Again, I tried reading “A Dance With Dragons” by George R.R. Martin. It is book five of an interminable series called “A Game of Thrones,” the most violent, grim, and repetitive — and long — series ever written. It makes “Lord of the Rings” look like a short story.
Originally, I gave it three stars, but I’m dropping it one. I disliked the books and hated what little I saw of the television show. The books are dark, long, and monotonous interspersed with periods of horror. The series may go on forever, but I will not be there for its conclusion.
The first time I encountered a 40-page description of the food at a royal banquet and drifted into a coma, I thought “Hmm. Filler.” Shortly thereafter, Mr. Martin began to knock off any character to whom I felt anything resembling affection or empathy, leaving only the characters I would have happily killed on my own. That didn’t give me any warm fuzzies either.
To enjoy a story, I need to feel some kind of positive relationship with at least one character. In these books, I dislike everyone and relate to no one, I lose interest through boredom, but the distaste comes first. Reading a very long series when there’s no character I like or respect is like going to a big party that goes on forever … but you have no one to talk to. I don’t usually go to parties for exactly that reason.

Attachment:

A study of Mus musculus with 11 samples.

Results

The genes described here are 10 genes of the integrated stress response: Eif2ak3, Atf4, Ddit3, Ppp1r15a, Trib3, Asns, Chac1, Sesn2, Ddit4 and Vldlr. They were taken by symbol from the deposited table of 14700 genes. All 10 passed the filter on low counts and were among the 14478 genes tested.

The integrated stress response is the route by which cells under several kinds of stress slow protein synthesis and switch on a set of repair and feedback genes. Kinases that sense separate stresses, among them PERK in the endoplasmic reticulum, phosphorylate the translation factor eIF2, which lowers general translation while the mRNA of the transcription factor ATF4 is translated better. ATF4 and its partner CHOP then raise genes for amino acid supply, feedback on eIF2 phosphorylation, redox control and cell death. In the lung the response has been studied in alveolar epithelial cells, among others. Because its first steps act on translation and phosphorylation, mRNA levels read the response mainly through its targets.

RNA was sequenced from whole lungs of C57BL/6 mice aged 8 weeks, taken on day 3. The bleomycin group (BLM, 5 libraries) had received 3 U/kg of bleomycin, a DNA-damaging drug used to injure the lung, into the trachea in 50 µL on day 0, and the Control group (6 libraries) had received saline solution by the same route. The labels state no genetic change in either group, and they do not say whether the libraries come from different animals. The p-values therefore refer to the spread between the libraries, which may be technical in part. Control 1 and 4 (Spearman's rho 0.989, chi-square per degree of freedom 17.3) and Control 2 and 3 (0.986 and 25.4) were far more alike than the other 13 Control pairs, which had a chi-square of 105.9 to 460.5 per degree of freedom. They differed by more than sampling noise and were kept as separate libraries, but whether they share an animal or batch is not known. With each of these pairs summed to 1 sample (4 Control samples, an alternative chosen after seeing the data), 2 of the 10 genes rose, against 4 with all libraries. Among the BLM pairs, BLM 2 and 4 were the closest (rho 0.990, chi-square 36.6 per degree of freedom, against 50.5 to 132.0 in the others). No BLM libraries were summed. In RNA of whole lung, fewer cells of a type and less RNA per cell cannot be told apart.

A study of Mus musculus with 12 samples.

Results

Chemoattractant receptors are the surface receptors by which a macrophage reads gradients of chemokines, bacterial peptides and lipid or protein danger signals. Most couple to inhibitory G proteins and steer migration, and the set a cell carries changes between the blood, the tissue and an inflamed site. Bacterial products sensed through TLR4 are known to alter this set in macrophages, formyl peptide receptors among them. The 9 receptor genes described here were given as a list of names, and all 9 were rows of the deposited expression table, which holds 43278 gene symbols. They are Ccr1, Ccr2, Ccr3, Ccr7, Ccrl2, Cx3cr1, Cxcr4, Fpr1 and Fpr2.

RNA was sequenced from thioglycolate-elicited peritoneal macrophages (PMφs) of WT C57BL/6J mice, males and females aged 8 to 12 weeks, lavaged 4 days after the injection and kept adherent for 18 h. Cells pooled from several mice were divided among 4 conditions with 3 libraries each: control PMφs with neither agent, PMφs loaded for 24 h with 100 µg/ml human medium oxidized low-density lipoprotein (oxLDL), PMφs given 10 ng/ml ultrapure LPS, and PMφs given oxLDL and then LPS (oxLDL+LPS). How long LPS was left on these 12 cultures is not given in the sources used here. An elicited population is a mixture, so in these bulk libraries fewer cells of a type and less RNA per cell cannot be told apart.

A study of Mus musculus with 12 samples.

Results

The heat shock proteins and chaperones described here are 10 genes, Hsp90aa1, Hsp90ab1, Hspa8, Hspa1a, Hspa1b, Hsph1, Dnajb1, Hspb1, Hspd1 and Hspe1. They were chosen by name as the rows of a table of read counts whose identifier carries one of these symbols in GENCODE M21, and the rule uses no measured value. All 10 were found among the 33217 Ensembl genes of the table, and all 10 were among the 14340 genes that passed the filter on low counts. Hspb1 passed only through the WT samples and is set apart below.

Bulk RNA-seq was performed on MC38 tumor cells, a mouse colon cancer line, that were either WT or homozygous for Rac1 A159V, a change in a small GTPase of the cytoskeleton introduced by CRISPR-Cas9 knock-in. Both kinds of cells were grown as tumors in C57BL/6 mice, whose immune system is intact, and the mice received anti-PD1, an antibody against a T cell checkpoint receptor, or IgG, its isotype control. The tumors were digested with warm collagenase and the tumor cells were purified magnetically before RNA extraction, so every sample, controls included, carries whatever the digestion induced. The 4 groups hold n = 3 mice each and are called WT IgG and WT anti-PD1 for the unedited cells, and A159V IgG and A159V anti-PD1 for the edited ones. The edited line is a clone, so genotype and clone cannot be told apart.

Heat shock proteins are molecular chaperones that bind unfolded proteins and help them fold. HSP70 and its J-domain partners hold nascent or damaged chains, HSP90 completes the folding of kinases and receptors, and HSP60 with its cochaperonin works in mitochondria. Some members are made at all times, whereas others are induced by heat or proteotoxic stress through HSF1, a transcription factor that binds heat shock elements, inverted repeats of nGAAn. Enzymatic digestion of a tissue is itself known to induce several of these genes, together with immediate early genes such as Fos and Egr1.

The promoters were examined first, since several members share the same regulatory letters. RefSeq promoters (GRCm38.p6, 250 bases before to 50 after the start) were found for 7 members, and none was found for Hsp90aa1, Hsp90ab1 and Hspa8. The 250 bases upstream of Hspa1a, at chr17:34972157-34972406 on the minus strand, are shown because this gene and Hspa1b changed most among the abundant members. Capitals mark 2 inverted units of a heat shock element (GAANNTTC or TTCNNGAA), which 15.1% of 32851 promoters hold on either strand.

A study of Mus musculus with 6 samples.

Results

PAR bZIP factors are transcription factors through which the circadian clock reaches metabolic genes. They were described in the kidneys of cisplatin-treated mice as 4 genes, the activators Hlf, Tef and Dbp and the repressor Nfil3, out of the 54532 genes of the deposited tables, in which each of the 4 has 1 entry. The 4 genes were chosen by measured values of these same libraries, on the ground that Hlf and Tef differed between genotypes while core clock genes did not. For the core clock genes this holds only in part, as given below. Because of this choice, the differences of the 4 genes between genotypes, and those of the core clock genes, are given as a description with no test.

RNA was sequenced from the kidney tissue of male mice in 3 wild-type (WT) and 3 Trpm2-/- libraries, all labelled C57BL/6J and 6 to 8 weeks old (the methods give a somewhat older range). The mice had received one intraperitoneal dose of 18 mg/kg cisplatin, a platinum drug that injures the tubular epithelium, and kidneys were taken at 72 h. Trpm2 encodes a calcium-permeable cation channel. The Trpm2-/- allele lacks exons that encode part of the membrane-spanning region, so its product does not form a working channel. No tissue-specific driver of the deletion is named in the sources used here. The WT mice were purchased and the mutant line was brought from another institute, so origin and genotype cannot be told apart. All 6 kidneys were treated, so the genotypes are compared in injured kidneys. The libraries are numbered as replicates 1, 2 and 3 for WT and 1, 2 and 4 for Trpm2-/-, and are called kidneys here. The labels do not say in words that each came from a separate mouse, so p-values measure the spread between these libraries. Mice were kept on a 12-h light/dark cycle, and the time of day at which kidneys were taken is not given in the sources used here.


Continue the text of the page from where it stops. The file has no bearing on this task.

Science fiction/paranormal/fantasy/alternative reality fiction is my favorite reading arena, the one in which I spend most of my literary hours. The problem is not a lack of familiarity with the genre. I just don’t like this series.
It is long and slow. The plot never seems to advance. The situation never changes in any substantial way. Just one set of machinations replaced by another in an endless cycle of nastiness, back-stabbing, murder, and intrigue. I guess I need more than plotting and murder to hold my interest.
Does its placement in an alternate reality improve the story? Not for me. These days reality is alternate enough.
This is a popular series. I own a bunch of volumes because I optimistically assumed I would like it. Big mistake. I was glad the series ended although I was part of a very small minority who was relived it finished. Apparently, people enjoyed it. Why? I do not know. Good acting doesn’t improve and the storyline. Ironically, this was a series that apparently followed the original books pretty well.
Garry and I watched the first quarter of the first show. It was enough. The rest I learned about on talk shows. And of course, by reading a couple of the books hoping that I’d discover I like them.
I didn’t happen and I’m pretty sure it never will. Oh well.